The M1 was conceived as a way for BMW to compete in FIA Group 4 sports car racing, which was then dominated by Porsche’s turbocharged 911. With 400 homologation units necessary, the M1 was designed by Giorgetto Giugiaro and his team at Italdesign, with a mid-engine, tube-frame chassis developed by Lamborghini. Inspired by the 1972 BMW Turbo concept, the M1’s fiberglass aerodynamic wedge shape was more Italian than Teutonic, but retained BMW’s iconic “twin-kidney” grilles. It featured a driver-focused interior, unique Campagnolo wheels, and was powered by a sublime 3.5-liter engine derived from the legendary 3.0 CSL.
This wonderful 1981 example remains in its original colors of white over a black leather interior with white and black seat inserts, a stunning combination that highlights the purity of Giugiaro’s design. A late-production, German-delivery example, this M1 was imported into the US in 1984 via Bavarian Motors of Cincinnati, Ohio. A 1989 Bill of Sale from Isringhausen Imports of Springfield, Illinois, documents the M1’s sale to its current owner, a passionate enthusiast. The consignor registered the car with the BMW M1 Club and used it sparingly, servicing it at Berlinetta Motorcars of Huntington Station, New York.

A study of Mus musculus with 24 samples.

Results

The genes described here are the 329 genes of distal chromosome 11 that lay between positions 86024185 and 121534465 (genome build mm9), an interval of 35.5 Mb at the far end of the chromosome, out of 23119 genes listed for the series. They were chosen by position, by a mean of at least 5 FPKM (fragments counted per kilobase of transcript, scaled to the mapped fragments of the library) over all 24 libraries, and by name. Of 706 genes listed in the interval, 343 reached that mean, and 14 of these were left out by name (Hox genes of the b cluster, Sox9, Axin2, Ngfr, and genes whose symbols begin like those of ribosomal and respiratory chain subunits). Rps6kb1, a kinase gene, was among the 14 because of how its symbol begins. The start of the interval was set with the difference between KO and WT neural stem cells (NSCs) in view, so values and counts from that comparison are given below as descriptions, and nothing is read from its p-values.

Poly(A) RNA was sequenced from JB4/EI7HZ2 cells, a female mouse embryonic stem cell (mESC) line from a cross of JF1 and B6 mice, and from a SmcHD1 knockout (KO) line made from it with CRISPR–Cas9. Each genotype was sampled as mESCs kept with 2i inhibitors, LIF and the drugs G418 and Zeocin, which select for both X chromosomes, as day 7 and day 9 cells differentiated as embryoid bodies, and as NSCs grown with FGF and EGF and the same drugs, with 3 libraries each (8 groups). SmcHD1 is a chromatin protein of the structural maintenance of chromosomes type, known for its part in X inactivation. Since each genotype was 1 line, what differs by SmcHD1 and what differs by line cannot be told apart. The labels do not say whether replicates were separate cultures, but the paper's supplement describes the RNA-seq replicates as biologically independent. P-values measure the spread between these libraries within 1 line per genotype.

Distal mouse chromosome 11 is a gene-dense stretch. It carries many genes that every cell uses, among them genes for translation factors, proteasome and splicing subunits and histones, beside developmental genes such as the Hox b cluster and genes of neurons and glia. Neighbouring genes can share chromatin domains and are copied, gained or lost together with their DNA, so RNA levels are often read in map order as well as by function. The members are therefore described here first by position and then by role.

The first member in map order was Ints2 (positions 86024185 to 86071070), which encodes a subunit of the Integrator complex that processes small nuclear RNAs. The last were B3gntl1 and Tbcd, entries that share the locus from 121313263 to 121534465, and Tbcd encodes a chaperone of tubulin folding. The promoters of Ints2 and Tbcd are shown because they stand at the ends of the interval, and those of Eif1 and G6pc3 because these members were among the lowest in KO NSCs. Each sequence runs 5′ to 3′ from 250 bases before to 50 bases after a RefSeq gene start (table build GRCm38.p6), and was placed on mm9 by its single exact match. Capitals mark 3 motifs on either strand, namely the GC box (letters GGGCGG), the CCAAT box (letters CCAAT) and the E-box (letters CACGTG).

In November 1993, the consignor diligently had Berlinetta Motorcars prepare the M1 for static storage, then showing just 23,656 km, where it remained for the next 25 years. In June 2018, the BMW was awakened by renowned BMW specialist The Werk Shop, of Libertyville, Illinois, with selective work to the fuel system, brakes, clutch, and engine. After this gentle recommissioning, The Werk Shop was impressed with the way the car ran and drove, though, as with any automobile from long-term storage, further mechanical work will be required as the M1 continues to stretch its legs following its slumber. Sometime after 1993, the odometer stopped functioning, showing 23,667 km.
Today, the M1 remains in highly original, unrestored condition. The consignor confirms that no paintwork was ever performed in his ownership, and the M1’s cosmetics display the inviting and charismatic light patina of an unrestored car. The interior remains very well preserved, still fitted with the Alpine head unit and Blaupunkt speakers present upon the consignor’s purchase in 1989. Numerous factory BMW and German-language stickers remain, as does its date-stamped original manual, tool roll, and records, as well as inspection markings on the coil springs and gearbox.
Offered after nearly 30 years of single ownership, this M1 stands out for its conscientious and original presentation. With very few unrestored cars available, it is fantastic to see an example such as this, with such genuine character, preserved and left untouched. Offered without reserve, this is an appealing M1 worthy of close inspection.